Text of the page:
Date:  24 March 2013

“Now everybody, Have you heard, If you’re in the game (of emergency medicine), Then the stroke’s the word, Don’t take no rhythm, Don’t take no style,  Gotta thirst for killin’, Grab your vial (of tPA) and stroke me, stroke me…”  Billy Squier The Stroke

Case Scenario: A 83-year-old woman arrives from home with right-sided weakness beginning four hours prior.  You diagnose acute ischemic CVA with no contra-indications to thrombolysis.

Question: Does thrombolysis given to acute ischemic CVA in <6hrs increase the proportion of people who are alive and independent at six months?

Background: Acute ischemic strokes represent the leading cause of disability in our society and the third most common cause of death. There have been many studies performed looking at thrombolysis for acute CVA. For a summary of the major tials check out Dr. David Newman’s Number Needed to Treat site. Another good review of the topic is a paper done by Dr. Chris Carpenter published in the Journal of Emergency Medicine.

When tPA was approved in the European Union it was restricted to 3 hrs and age less than 80 years old. A Cochrane review suggested that tPA might be beneficial up to 6hrs. Older people (>80) have been under represented in the previous tPA stroke trials. This set the basis for the study we will be talking about today. The IST-3 study was to establish the balance of benefits and harms of tPA in patients not meeting licence criteria (mainly older patients and up to 6 hrs).

Reference:  IST-3 Collaborative Group. The benefits and harms of intravenous thrombolysis with recombinant tissue plasminogen activator within 6 h of acute ischaemic stroke (the third international stroke trial [IST-3]): a randomised controlled trial Lancet 2012

  • Population: Multi-centre, open-label, randomized control trial (n=3035)
  • Intervention: tPA 0.9mg/kg
  • Control: Placebo
  • Outcome: Alive/independent on OHS at 6 months


No difference in alive/independent of activities of daily living (OHS 0-2)

  • Primary Outcome:
    • 37% tPA vs 35% control with adjusted OR 1.13 (95% CI; 0.95-1.35)
  • Harm:
    • Died at 7 days: 11% tPA vs 7% control with adjusted OR 1.6 (95% CI; 1.22-2.08)
    • Fatal or non-fatal ICH: 7% tPA vs 1% control with adjusted OR 6.94 (95%CI; 4.07-11.8)
    • Death 6 months: no difference 27% tPA vs 27% control
  • Secondary Outcome: significant difference in ordinal shift
    • common OR 1.27 (95%CI; 1.10-1.47)

Authors’ Conclusions: “For the types of patient recruited in IST-3, despite the early hazards, thrombolysis within 6 h improved functional outcome. Benefit did not seem to be diminished in elderly patients.”

BEEM Comments: This was a pragmatic, multi-centre, randomized controlled, open-label trial. It sought to determine if older patients and patients treated <6hrs of CVA onset would benefit from tPA. The trial did not meet its target of 6,000 . The outcomes of patients >80yo were no different than those of younger patients. Also, patients treated with tPA >3hrs showed no significant benefit over those treated with placebo.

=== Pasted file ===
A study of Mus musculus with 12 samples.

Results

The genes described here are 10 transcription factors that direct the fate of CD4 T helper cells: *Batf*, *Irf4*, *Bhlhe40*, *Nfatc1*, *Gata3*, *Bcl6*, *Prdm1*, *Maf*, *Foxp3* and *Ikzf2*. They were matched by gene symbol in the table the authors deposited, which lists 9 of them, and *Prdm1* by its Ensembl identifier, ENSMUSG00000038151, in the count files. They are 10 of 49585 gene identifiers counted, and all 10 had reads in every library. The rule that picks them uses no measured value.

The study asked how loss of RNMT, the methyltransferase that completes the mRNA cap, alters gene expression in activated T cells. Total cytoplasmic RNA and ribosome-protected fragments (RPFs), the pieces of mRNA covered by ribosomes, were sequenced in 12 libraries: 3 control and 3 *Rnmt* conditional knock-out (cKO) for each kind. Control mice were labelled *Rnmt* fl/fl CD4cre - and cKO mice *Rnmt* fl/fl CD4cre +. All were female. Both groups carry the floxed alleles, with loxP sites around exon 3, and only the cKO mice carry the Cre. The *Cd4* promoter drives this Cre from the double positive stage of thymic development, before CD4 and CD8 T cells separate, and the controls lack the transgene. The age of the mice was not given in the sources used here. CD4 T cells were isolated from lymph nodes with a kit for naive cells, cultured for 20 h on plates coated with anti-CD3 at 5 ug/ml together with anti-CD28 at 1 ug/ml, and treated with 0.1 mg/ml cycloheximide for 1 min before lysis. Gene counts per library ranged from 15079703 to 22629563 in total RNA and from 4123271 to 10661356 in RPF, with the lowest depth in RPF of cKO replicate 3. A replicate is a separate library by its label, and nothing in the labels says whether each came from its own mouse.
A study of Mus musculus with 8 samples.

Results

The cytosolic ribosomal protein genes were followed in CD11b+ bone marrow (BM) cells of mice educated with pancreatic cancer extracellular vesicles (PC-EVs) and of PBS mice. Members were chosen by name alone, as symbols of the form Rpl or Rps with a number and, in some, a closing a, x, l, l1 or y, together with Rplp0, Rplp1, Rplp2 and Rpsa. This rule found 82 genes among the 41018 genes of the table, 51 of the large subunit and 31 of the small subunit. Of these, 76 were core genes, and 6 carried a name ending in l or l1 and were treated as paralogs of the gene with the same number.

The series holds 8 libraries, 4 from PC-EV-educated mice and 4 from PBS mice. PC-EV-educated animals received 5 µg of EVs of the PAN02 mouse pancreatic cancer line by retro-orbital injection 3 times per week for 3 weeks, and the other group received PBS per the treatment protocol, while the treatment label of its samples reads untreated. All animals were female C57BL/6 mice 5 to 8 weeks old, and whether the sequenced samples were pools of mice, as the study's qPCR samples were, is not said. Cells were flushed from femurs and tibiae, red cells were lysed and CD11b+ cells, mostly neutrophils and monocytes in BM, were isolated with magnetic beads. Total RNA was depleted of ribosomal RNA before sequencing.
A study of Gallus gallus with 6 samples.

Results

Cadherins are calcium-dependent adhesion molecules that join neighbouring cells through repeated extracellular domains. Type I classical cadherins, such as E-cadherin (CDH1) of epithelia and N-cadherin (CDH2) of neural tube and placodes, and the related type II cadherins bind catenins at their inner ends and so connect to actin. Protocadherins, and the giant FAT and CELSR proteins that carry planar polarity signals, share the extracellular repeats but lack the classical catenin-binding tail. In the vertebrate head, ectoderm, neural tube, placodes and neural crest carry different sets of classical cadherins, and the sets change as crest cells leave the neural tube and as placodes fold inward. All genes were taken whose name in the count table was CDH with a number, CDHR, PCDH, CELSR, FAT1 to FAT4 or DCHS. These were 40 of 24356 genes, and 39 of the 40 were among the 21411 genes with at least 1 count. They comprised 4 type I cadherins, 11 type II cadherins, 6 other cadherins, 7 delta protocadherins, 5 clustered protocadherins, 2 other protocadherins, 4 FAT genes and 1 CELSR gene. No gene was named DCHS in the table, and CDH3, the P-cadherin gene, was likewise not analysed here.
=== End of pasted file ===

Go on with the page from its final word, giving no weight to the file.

• The quotation “The lady doth protest too much, methinks.” comes from Shakespeare‘s Hamlet, Act III, scene II, where it is spoken by Queen Gertrude, Hamlet’s mother. The phrase has come to mean that one can “insist so passionately about something not being true that people suspect the opposite of what one is saying.” Wikipedia

Limitations and EBM Issues: There were many limitations to the IST-3 study. It represents an excellent opportunity to discuss a number of evidence based medicine issues.

  1. Pragmatic trial

  2. Open Label/Allocation Concealment
  3. Only patients thought to benefit were included
  4. Missed their target of 6,000 patients by 50%
  5. After seven years they seemed to move the goal posts
  6. Another statistician was brought in to “persuade” them
  7. Big harm (death and bleeding)
  8. Came up with a secondary outcome which was significant
  9. Primary outcome showed NO DIFFERENCE
  10. Was reported as a positive study????

BEEM Bottom Line: Treatment with tPA in this study harmed (death) 1 in 25 early, the fatal and non-fatal bleed rate went up significantly and there was no benefit seen at six months in the primary outcome.


Case Resolution: You discuss the options with the patient and their family. Given her age and the time now being over 4.5hrs you reach a shared decision not to use tPA.

Keener ContestLast weeks winner was Sam Brewer a PGY-4. He correctly identified that metoclopramide (Maxeran/Reglan) can cause extrapyramidal side effects like dystonia/tardive dyskinesia. The treatment for this feared reaction is diphenhydramine (Benadryl) or benztropine (Cogentin).

Be sure to listen to the podcast to hear this weeks Keener Kontest question. Email your answer to  TheSGEM@gmail.com. Use “Keener Kontest” in the subject line. First one to email me the correct answer wins.

Remember to be skeptical of anything you learn, even if you heard it on The Skeptics’ Guide to Emergency Medicine.